Deputy Prime Minister Barnaby Joyce faces the prospect of losing his New England seat after just one term as the first opinion polling in the sprawling country electorate shows voters swinging behind the former local member, independent Tony Windsor.
And it could be the issue of coal mining in prime farm land, which is opposed by both men, that is fuelling the backlash.
Windsor vs Joyce in battlefield New England
Crime syndicates rort visa programs
Election 2016: Bishop on the attack
Election 2016: Shorten vs Shorten
Australian visa schemes 'produce fraud'
Violence erupts in Melbourne protests
Labor's costings: do they add up?
Labor's cheeky relaunch
Windsor vs Joyce in battlefield New England
Former independent MP Tony Windsor will try to wrest his old seat of New England from Deputy Prime Minister Barnaby Joyce. Vision ABC News 24.
Exclusive ReachTEL polling of elector sentiment obtained by Fairfax Media - the first such voter-feedback in the crucial electorate - shows primary support for Mr Joyce stands at an apparently healthy 43.1 per cent, compared to Mr Windsor, who trails on 38.
But with the likelihood of strong preference flows from anti-Coalition Labor voters, who constitute 7.1 per cent, and equally hostile Greens voters who account for another 3.4 per cent, there is a reasonable chance Mr Windsor would finish ahead, were a contest held now.
The automated telephone survey of 662 residents across New England was conducted on the evening of March 10 - the very same day Mr Windsor declared his candidacy.
It has a margin of error of 3.9 per cent, plus or minus.
The poll's result suggests the entry of Mr Windsor, who held the seat until 2013, will push Mr Joyce to the limit in a local contest that threatens to consume much of the time he would otherwise spend on broader national campaigning as his party's leader.
The independently conducted ReachTEL survey was commissioned by left-leaning think tank The Australia Institute, as part of its ongoing monitoring of voter attitudes to new coal projects and broader economic policy issues.
With the Shenhua coal mine going ahead in the electorate, the survey found that 62 per cent of electors either oppose the $1.2 billion project going ahead on the Liverpool Plains (19 per cent) or strongly oppose it (43.1 per cent).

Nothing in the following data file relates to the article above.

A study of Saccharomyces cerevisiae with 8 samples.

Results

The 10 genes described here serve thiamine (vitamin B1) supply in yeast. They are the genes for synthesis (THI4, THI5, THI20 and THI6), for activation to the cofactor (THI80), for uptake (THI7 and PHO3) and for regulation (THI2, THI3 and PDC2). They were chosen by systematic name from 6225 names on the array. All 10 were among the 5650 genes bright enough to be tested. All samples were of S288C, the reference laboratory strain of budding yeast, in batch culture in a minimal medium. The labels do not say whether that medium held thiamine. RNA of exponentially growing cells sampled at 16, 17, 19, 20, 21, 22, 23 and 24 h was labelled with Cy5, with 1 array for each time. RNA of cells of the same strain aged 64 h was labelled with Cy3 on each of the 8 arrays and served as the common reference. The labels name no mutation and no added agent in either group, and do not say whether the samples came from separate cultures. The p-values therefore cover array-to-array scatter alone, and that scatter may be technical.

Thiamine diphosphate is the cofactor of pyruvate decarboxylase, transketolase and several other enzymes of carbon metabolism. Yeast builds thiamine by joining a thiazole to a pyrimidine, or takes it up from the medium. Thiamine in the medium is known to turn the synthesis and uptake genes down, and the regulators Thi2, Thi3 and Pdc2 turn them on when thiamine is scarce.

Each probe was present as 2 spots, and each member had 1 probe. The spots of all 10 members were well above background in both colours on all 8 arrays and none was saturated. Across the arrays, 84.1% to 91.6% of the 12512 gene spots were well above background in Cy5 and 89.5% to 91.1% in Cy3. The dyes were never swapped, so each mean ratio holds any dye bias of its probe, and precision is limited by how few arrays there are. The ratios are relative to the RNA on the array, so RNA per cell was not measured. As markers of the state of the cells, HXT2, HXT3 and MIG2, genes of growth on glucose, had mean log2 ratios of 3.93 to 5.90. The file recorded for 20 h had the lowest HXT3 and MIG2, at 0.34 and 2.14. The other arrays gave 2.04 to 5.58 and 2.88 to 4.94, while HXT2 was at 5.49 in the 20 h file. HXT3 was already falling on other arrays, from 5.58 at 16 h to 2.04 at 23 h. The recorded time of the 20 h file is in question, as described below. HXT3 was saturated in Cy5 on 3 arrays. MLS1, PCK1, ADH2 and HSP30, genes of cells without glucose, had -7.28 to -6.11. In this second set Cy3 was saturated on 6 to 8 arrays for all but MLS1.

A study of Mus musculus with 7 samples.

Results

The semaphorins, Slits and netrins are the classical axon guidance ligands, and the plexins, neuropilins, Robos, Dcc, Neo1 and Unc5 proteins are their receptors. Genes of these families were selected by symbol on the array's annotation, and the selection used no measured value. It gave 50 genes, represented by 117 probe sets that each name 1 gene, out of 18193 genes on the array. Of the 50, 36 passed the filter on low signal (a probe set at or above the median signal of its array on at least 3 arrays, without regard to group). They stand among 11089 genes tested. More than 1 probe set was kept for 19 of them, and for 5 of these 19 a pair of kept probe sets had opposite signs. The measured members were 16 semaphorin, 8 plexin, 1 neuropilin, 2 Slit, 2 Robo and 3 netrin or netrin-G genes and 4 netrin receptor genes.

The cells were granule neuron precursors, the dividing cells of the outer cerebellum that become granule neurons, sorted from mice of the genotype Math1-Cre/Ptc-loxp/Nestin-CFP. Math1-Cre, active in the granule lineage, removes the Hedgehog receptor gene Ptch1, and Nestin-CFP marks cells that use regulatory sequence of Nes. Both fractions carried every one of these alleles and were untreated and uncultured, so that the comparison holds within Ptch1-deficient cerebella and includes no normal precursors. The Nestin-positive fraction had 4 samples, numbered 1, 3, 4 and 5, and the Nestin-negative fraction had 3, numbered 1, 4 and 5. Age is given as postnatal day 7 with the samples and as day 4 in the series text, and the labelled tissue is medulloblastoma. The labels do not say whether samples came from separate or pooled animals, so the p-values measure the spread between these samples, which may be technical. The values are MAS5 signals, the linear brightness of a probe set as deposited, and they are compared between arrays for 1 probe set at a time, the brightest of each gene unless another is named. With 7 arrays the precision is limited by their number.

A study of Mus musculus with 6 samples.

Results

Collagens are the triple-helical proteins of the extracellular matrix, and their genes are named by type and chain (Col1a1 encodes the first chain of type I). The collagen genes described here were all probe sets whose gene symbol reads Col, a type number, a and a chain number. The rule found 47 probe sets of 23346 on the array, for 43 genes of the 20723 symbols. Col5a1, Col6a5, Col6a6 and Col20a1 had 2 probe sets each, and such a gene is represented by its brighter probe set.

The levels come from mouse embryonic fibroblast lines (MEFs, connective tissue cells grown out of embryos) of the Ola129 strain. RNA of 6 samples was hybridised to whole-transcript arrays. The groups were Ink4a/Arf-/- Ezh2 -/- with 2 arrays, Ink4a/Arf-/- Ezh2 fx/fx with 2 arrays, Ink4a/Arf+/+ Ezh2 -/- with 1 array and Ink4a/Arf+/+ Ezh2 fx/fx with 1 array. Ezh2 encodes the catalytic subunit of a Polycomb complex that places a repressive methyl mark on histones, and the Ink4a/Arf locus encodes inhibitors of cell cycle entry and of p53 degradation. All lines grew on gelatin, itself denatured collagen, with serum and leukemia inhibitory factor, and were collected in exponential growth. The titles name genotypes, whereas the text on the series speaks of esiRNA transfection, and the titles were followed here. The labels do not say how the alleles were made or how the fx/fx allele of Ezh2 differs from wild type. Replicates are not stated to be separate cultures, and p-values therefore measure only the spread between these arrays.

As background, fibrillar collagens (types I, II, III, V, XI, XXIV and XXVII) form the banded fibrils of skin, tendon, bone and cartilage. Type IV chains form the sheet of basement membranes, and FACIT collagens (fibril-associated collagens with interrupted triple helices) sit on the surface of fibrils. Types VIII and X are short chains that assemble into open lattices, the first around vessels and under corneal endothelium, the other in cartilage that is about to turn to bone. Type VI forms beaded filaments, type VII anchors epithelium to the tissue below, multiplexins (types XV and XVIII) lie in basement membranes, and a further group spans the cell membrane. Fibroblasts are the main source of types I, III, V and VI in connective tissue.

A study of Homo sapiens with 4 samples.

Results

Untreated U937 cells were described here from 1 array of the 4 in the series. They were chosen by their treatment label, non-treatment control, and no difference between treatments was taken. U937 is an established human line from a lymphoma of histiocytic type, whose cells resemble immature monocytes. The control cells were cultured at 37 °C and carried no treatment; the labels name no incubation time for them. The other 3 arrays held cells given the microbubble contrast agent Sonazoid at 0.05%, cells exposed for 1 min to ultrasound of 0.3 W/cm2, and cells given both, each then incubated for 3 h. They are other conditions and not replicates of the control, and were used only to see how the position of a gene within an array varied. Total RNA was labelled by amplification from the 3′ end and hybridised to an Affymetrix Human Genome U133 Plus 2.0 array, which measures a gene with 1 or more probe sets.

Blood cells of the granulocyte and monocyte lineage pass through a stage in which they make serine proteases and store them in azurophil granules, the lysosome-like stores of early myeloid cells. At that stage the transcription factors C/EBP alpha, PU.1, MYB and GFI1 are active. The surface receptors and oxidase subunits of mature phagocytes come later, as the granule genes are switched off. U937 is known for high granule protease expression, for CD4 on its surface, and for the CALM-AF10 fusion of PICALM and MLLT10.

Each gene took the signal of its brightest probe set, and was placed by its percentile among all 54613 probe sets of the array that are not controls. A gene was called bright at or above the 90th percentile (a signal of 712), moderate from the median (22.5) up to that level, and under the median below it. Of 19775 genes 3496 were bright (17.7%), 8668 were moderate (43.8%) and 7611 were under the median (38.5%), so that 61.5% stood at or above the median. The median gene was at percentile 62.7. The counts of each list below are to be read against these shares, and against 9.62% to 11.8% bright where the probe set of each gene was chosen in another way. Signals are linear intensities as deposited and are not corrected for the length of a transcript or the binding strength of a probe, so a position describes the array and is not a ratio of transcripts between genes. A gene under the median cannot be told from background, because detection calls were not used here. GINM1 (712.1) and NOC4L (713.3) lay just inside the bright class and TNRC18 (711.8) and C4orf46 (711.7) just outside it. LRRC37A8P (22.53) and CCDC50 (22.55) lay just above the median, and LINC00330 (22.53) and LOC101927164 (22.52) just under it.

By contrast, those who either support the mine (15.3 per cent) or strongly support the mine (11 per cent) constitute just 26.3 per cent of voters.
"Coal is politically toxic in New England. Nearly half of respondents declared themselves 'strongly opposed' to the Shenhua mine, which will not be good news for pro-coal candidates," said the Australia Institute's executive director, Ben Oquist.
"In farming communities on the front lines of the expansion of the coal industry, there is a growing movement for greater rights for farmers and opposition to mines in fertile agricultural areas."
Both candidates oppose the mine, however, Mr Windsor believes he is better placed to campaign on the issue as he is not a senior member of the government that had approved it.
Mr Joyce, who last month became Nationals leader and therefore Deputy Prime Minister, had argued against the mine in his capacity as Agriculture Minister.
"It's my view as the agriculture minister, I'm sort of agnostic about whether it's in my electorate or not," he told Radio National in July 2015.
"If somebody said we are going to put a mine in the middle of [another] plain I would say that's not a good spot for a mine, that is a bad decision."
At the time he also cast doubt on the sincerity of Mr Windsor's opposition to the project, saying: "I always find it surprising that someone who is a multimillionaire, because he sold his property to a coalmine, is now the champion talking about stopping a coalmine."
The bleak news for the Turnbull government's second-most-senior figure, comes as Prime Minister Malcolm Turnbull winds up the pressure for an election, issuing an ultimatum to the Senate crossbenchers, telling them to pass blocked anti-union corruption bills or face a double-dissolution election in which most will be wiped out.
"The only reason to have a double dissolution is to resolve a deadlock," Mr Turnbull told the ABC on Friday.
"It is clearly an option and it is something that the government is considering.
"The way to take that option away is for the Senate to pass those bills."
A double dissolution would almost certainly require the budget to be brought forward to May 3 from May 10, ahead of an election set for the first Saturday in July.
Both candidates enjoy high recognition within the community, with Mr Windsor famous - and vilified in conservative circles - for his parliamentary support of the Gillard minority government.
Tellingly, it finds that even among those describing themselves as Nationals voters, just 36 per cent favour coal mining whereas 52 per cent oppose.